August 9, 2013
In 2012, the Senegalese Ministry of Education and USAID Senegal launched the PALME (Partenariat pour l’Amélioration de la Lecture et des Mathématiques à l’Ecole Elémentaire) project to improve the reading and math skills of more than one million students in all of Senegal’s primary schools.
This three-year, $18 million project supports a new effort to improve classroom instruction for reading and math, strengthen school monitoring and student learning assessments at the local and national levels, and increase research and evaluation capacity within the Ministry.
As an initial step towards modernization, USAID and the Ministry of Education decided to prioritize the collection of standardized test data from over 9,000 primary schools nationwide. For the first time, the Ministry planned to conduct nationwide standardized tests in reading and math for 2nd, 4th and 6th grade students in order to determine which of three different treatment interventions best improved reading and math outcomes.
The Ministry’s previous data collection efforts required each school to fill out and send paper forms to their district supervisors to collect, compile and validate the data. District officials would then send the paper-based data on to their regional supervisors who performed the same collect, compile, and validate step before sending the data on to the national level. This occurred once per year, and the complexity of the reporting made analyzing and publishing the results before the following school year a daunting task.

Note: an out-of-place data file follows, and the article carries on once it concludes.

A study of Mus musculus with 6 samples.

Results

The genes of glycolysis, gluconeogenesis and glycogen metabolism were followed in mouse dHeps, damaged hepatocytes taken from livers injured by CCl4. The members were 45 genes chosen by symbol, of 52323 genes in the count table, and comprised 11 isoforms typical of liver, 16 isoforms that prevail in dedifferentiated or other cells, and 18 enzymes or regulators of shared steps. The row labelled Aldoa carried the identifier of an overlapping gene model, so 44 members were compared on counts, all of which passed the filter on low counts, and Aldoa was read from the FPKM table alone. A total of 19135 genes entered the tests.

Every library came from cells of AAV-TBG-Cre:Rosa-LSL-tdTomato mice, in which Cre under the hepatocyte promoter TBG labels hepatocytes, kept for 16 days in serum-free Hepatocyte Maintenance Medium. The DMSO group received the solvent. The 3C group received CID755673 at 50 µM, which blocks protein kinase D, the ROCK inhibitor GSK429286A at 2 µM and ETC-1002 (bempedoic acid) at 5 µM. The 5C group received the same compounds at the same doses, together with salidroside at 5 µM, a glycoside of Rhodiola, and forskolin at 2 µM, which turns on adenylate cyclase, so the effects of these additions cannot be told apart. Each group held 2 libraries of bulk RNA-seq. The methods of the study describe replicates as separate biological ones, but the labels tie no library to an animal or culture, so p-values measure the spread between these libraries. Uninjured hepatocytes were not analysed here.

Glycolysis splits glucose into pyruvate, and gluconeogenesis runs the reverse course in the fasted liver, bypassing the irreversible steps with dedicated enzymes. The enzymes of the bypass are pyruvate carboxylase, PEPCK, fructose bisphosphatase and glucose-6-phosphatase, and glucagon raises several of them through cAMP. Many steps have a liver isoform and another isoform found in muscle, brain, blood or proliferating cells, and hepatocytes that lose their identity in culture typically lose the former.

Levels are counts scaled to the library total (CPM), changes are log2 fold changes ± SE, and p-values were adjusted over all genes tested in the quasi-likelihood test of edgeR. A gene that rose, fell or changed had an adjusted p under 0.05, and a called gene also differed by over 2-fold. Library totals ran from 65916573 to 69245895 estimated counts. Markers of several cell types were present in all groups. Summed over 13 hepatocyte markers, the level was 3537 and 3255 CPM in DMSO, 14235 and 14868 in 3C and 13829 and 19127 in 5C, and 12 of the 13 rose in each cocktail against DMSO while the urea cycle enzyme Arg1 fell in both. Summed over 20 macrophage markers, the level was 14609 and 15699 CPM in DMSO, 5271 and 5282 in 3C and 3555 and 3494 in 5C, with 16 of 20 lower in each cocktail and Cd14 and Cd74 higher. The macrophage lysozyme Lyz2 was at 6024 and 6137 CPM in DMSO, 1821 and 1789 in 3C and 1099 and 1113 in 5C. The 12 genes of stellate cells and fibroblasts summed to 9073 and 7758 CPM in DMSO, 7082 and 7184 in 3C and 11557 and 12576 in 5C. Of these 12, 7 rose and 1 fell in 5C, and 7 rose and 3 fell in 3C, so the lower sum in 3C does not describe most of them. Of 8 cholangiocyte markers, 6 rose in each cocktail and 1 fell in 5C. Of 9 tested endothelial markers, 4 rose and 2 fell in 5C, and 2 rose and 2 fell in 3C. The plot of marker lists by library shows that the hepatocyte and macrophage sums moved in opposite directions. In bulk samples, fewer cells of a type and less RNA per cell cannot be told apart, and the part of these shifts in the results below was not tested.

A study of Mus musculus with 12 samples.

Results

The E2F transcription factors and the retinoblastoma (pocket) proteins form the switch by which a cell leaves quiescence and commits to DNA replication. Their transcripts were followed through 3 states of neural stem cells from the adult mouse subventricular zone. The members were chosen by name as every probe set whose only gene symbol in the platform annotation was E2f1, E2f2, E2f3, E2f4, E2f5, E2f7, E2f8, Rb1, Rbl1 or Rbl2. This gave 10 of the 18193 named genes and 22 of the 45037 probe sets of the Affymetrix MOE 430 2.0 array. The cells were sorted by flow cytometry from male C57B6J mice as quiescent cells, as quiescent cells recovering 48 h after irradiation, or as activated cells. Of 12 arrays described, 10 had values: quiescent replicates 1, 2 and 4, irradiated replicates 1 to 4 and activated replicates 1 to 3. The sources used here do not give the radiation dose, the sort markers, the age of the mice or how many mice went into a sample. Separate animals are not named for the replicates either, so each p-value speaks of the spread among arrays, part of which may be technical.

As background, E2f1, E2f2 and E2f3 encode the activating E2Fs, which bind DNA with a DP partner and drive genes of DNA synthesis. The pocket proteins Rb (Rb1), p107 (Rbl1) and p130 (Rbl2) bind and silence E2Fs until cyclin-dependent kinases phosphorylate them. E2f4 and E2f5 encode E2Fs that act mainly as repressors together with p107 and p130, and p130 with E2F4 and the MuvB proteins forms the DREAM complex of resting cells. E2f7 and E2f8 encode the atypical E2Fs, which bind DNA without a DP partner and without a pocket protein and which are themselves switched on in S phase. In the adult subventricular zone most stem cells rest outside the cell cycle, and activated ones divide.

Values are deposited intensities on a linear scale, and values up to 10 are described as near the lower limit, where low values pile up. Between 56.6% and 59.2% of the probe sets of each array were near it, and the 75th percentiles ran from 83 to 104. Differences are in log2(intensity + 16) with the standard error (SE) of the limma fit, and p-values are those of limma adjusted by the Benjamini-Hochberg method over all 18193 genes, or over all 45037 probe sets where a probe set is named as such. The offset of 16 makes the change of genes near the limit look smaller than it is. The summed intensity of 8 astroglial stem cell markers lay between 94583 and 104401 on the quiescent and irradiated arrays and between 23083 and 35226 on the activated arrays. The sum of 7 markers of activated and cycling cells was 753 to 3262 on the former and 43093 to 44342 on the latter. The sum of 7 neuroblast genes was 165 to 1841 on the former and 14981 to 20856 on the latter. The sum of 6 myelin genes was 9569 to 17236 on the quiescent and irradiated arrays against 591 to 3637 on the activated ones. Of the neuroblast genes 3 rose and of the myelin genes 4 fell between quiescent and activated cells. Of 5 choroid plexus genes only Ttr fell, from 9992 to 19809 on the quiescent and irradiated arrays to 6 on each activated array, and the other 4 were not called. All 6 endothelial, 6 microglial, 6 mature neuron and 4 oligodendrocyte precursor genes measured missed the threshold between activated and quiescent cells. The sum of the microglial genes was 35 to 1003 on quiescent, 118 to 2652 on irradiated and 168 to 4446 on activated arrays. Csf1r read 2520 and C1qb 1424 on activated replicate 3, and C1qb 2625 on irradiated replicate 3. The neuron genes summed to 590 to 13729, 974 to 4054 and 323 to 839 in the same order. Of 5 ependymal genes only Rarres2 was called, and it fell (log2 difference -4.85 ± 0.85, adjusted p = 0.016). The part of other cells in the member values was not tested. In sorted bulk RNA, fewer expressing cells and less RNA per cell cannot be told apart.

Ministry officials decided to use DataWinners to collect data by school, subject, gender, class and scoring interval (bottom third, middle third, top third) both at the start and the end of the school year. Due to near universal cellular coverage throughout Senegal, it was decided that the over 9,000 primary school directors nationwide would submit this data via SMS. Ministry administrators used DataWinners to create project questionnaires and upload school data to create a unique profile for each director. Human Network International (HNI) then assisted the Ministry of Education administrators in conducting a training of trainers for 160 regional and district officials on SMS data submission.
It has only been a few months since the launch of the PALME project in Senegal, but DataWinners is already revolutionizing the way in which data is being collected. According to Lamine Ndiaye of the Ministry of Education, DataWinners has shortened the time required to collect data and minimized the risk of error and loss. He reports that the primary school directors are currently submitting SMS data with a 95% success rate and that the Ministry is even looking at the possibility of expanding their use of the DataWinners tool to collect statistical data for all of their projects. Keep up the great work, PALME Senegal!